What can I do if I don’t have the time to do that?
The answer is “Becoming a Passive Investor.”
Before going into more detail, a quick dismantle of two false common beliefs:
If you are a passive investor you DO have to form yourself in finance in order to correctly select where to allocate your money.
Being a Passive Investor is NOT easy. It requires an immense amount of discipline. Benjamin Graham states that the passive investor has to virtually ´not care’ about market oscillations and has to basically ignore anything financially related that could temper the investor to act opposite to his style.
Investors between extremes are condemned to under performance.
"Over 80% of Fund Managers and 90% of Average Investors don't beat the market."
The main advantages of this style is that, once the work is done, if done correctly, that’s basically it. The other main advantage is that you won’t be an Average Investor. Your returns should be more in line with the market’s.
An ETF is an exchange-traded fund which’s purpose is to represent or reflect the performance of a group of stocks based on country, region or industry. We are selecting ETFs to get exposure to a wide variety of assets in one or multiple categories. Some examples:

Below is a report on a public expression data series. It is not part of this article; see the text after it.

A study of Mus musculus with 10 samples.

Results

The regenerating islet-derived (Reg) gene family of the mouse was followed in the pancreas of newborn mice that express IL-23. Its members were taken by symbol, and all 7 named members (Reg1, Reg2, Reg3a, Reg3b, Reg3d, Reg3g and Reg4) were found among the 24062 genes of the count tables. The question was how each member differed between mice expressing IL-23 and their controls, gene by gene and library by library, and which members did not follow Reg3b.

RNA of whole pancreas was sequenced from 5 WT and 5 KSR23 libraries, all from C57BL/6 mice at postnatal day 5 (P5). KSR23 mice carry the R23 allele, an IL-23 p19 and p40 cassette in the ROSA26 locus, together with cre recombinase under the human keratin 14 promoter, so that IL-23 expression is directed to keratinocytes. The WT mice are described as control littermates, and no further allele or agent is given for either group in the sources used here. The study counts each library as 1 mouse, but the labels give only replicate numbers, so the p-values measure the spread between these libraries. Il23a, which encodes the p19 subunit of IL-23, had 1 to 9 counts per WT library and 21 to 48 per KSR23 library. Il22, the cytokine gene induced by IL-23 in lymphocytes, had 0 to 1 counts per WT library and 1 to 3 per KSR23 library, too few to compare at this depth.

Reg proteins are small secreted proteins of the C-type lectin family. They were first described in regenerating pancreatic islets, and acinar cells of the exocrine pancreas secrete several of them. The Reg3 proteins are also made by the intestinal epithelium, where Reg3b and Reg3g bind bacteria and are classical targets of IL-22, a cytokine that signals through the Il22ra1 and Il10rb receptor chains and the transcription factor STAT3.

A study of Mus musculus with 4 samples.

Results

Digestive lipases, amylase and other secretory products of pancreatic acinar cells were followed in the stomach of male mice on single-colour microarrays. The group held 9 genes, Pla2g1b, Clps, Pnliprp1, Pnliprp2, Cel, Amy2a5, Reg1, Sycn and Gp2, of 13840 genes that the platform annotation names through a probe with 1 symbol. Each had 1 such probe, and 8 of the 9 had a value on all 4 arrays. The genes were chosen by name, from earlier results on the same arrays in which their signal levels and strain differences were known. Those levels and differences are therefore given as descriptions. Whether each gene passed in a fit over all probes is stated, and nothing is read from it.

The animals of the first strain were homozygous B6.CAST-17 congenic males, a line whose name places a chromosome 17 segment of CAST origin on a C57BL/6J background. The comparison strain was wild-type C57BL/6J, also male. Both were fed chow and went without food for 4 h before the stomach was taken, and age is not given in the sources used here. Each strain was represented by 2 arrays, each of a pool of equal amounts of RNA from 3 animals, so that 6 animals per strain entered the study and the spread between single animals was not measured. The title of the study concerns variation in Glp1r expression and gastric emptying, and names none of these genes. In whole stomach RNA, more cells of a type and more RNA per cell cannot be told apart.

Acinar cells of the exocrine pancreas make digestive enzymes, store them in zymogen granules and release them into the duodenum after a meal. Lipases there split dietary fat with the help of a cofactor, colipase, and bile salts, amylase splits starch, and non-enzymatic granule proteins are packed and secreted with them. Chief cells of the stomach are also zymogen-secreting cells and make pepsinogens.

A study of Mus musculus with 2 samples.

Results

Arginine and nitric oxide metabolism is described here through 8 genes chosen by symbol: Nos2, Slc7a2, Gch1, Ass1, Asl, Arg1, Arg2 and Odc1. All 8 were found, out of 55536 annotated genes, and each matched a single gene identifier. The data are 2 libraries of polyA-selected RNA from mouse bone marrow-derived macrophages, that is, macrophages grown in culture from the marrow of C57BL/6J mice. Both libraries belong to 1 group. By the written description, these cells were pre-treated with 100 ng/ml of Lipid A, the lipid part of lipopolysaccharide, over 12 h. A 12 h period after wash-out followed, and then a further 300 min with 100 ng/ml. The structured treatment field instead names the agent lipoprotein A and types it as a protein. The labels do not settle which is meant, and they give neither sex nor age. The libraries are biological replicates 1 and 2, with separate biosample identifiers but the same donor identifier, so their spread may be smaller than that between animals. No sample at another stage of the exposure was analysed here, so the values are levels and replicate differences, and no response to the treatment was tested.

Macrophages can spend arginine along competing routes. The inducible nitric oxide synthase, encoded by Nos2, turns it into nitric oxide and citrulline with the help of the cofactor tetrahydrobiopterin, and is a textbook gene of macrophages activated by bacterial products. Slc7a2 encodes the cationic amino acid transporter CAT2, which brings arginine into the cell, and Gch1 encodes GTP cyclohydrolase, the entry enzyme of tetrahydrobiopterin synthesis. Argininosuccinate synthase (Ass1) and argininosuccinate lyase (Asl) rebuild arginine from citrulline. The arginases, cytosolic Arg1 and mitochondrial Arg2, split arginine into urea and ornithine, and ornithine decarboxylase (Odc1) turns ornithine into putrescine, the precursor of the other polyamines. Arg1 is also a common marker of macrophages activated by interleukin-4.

SPY: ETF that seeks to track the performance, before expenses, of the Standard & Poor’s 500 Index. The S&P 500 tracks the performance of 500 of the largest publicly listed companies in the US across a wide variety of sectors.
QQQ: This one is an ETF that tracks the performance of the Nasdaq-100 Index. The latter is a basket of the 100 largest, most actively traded U.S companies listed on the Nasdaq stock exchange.
DIA: DIA is the ETF that tracks the Dow Jones Industrial Average Index. This index tracks 30 large, publicly-owned blue-chip companies trading on the New York Stock Exchange (NYSE) and Nasdaq.
These are the most common ones and the most representative of the US Stock Market. There are other ETFs that track stocks globally like the MSCI, or that tracks particular sectors; The XLF tracks financial companies, the XLE tracks energy companies, FINX tracks fintech companies.
It is upon the investor to investigate each composite’s holdings and decide what does he want exposure to. It is not an obligation to allocate in a single one ETF, it can be a mix of them.
It is very important to do the selection correctly since the investor ‘should’ keep going with the strategy for at least several years. The only way to not go crazy is by knowing what you own.
How to buy?
There’s no magic recipe on how to do the buying. Graham stated that the best way to do so if being a Passive Investor is by Dollar Cost Averaging (DCA), when done accordingly. DCA means that you’ll divide your money into small pieces and space the buys.
For example, you divide your money into 100 small pieces and buy every 1 week 1/100. The reason why this is powerful is because it automatizes a process that if done consciously could be against the investor’s own interest. At the same time, it allows you to ‘absorb’ in a more parsimonious way the volatility the market will have.